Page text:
By CR Williams, In Shadow In Light
If you ever take one of my classes you are going to hear me use the following example:
I have a Glock 19 in my safe that currently is only used for dry practice so it stays unloaded. I live alone and nobody else has a key to the house and the gun’s in a safe. I don’t expect anybody to break in and load it and put everything back like it was and I don’t know anybody that can or will telekinetically load the gun while it’s inside the safe. I have every expectation that the gun that is empty when I put it up will still be empty when I take it out again. But I still do a chamber check and verify that it’s empty before I do any dry practice.
I do that to reinforce that habit of checking the status. Safety specifically is something I want to make a mindful habit. Building and maintaining habits and doing things in the proper way is first a matter of learning the proper way to do things and then it’s a matter of putting in enough repetitions to build and lock in and then maintain the habit and the proper method.
Now I could take a couple of minutes periodically and do nothing but chamber checks, which would set the technique up. I’m also trying to build the habit of automatic status checks of the weapon, though. The easy button way to do that is to take given opportunities to get in a good repetition. So if you hand me a weapon that we both know is clear I may do a check on it anyway—not because I don’t trust you or myself, but to build the habit so that I will check a weapon when you’re not there and when I am thinking about something else. I want to automatically do that check. The way to do that, to get to where I do that automatically, is to do the reps. And every ‘found’ rep I can get in is one rep I can use for something else when I do other practice and training work.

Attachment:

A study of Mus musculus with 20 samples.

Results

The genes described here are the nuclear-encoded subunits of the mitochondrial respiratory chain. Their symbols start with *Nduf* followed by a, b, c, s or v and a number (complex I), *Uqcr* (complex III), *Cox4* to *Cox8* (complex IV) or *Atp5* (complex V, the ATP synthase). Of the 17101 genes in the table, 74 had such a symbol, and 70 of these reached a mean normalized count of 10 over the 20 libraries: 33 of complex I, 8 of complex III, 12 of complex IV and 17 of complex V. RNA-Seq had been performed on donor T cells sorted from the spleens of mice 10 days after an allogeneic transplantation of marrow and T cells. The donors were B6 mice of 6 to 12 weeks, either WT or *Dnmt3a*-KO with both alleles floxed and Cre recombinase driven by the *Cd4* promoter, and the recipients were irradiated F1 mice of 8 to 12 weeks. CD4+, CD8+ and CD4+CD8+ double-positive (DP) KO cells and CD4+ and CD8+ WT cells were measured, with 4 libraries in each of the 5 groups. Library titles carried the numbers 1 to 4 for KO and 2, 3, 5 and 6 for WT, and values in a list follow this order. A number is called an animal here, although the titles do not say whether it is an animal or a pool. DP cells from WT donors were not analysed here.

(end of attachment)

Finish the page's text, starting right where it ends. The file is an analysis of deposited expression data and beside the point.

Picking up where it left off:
Same thing goes with the grip. No matter what I’m taking the gun out of the holster to do—shoot it, clean it, put it up in storage—I want to get a firing grip on it. Ideally I want to assume the firing grip every time I put my hand on the gun for any reason whether it’s in the holster or not. Every time I take one in hand I can get a repetition in and that’s what I want to do. Firing grip. Firing grip. Firing grip. Every time, every place, for any reason.
Found’ repetitions are good repetitions. They save time and build skills and habits. Built skills and habits help people stay alive in fights.
Holding a rifle? Put it in SUL or high port or a Cradle. Need to reload the pistol? Go through the proper reload technique slow and smooth. Pick something up from the floor or ground? Run through a squat or deadlift movement.
Look around at what you do for opportunities to put in a rep. When you find one, resolve to do one. Every time, every place you can. Do the reps, build the technique, make the habit, one by one by one. Don’t ignore the opportunities you come across to do that. It’s a small investment that will, over time, bring you a big return.
Might even save your life one day.
You be safe out there. And if you can’t be safe—be dangerous.